01/15/2014 01:55 pm ET Updated Mar 17, 2014

An End to Arrogant Atheism

As an atheist who is also a humanist, I find that in our efforts to point out the dangers and failings inherent in religion, we sometimes fall into the language of arrogance. I read a recent quote from famed evolutionary biologist and past Humanist of the Year awardee, Richard Dawkins, which, upon reflection, showed that even he can fall prey to this tendency. He stated that "religion is an organized license to be acceptably stupid." While Dawkins certainly has a valid point regarding mainstream religion's frequent opposition to critical thinking and empiricism, he makes his point in such a way that is likely to leave religious people offended by, instead of interested in atheism and rational thinking.

Dawkins did something similar when he stated that the combined number of Nobel Prizes won by Muslims was less than that won by a single English university, implying that the notoriously nonreligious achievements of academia are superior to those of adherents of an entire religion. Yet again, Dawkins has a valid point -- that the anti-science mentality of many religions has limited its adherents from learning about science and working in the scientific field, but by saying it in such a way, he is less likely to inspire mainstream religious people to care about science, and more likely to offend and antagonize them.

I know Richard Dawkins to be a self-effacing and warm person, but when he says things like that above, it harms more than helps. Unfortunately, he is not the only atheist to make these kinds of statements, as our movement has a history of sometimes blatant elitism. Past American Humanist Association Honorary President Gore Vidal once said, "There is not one human problem that could not be solved if people would simply do as I advise." Clearly, even humanists aren't immune from such arrogant behavior.

It's important to note that the subset of atheism I think is a problem isn't the so-called "militant atheism" that encourages evangelizing disbelief; there's nothing inherently wrong with promoting one's position to others. And I'm definitely not talking about the so-called "angry atheism," because the nonreligious should be mad about abuses by religious organizations and discrimination against religious and irreligious minorities. What's often holding us back is "arrogant atheism," which is seen when atheists speak as if their view is infallible, and act as if their unwavering non-belief makes them superior to those who do believe.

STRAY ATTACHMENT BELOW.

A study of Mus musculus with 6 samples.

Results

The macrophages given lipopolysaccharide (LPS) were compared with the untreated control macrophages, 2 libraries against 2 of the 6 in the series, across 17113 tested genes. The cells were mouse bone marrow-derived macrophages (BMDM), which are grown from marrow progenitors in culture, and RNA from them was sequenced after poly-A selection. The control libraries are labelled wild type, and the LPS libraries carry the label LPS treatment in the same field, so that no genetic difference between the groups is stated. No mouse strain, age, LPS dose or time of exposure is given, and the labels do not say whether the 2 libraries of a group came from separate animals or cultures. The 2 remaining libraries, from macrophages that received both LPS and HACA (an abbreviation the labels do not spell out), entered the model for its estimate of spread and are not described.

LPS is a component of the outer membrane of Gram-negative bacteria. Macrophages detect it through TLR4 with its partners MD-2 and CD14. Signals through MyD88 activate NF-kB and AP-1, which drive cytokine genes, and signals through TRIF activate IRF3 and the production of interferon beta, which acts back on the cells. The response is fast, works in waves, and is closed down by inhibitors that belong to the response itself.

The problem with arrogant atheism is that it scares away those who would otherwise self-identify as atheists, and it prevents us from building the alliances we need in order to achieve our aims. This is an argument about tactics and attitude. Religion is by no means beyond criticism, so we should feel free to critique and even poke fun at the occasional absurdity. Most people appreciate humor, whether it's in the form of stand-up or just friendly banter. But when that humor is used to hurt others, it becomes a form of derision that is inconsistent with humanism's compassionate principles. When critique becomes belittling, when poking fun becomes ridiculing, the respect that is the foundation for any meaningful conversation is lost.

Encouraging is the fact that a new generation of nonreligious public figures from diverse backgrounds have emerged to spread the word about disbelief in a compassionate and unpretentious way, as exemplified by groups like the Secular Student Alliance. The emphasis on a less monolithic and more empathetic strand of atheism is one of the main reasons that the number of self-identified atheists is rapidly growing and relations between the religious and nonreligious communities have never been better.

If we ever want to truly reach the general public with our message of skepticism, scientific inquiry and a conviction about the importance of basic civil rights and liberties, we need to recognize that you can respectfully disagree, but you can't respectfully ridicule. Let's drop the arrogance and reemphasize the humanist values that appeal to so many people of varying faith traditions. We can still be vocal about our disbelief and should seek to challenge ignorance (be it religious or otherwise) whenever it rears its head, but we should do so in the way that opens minds instead of closes them.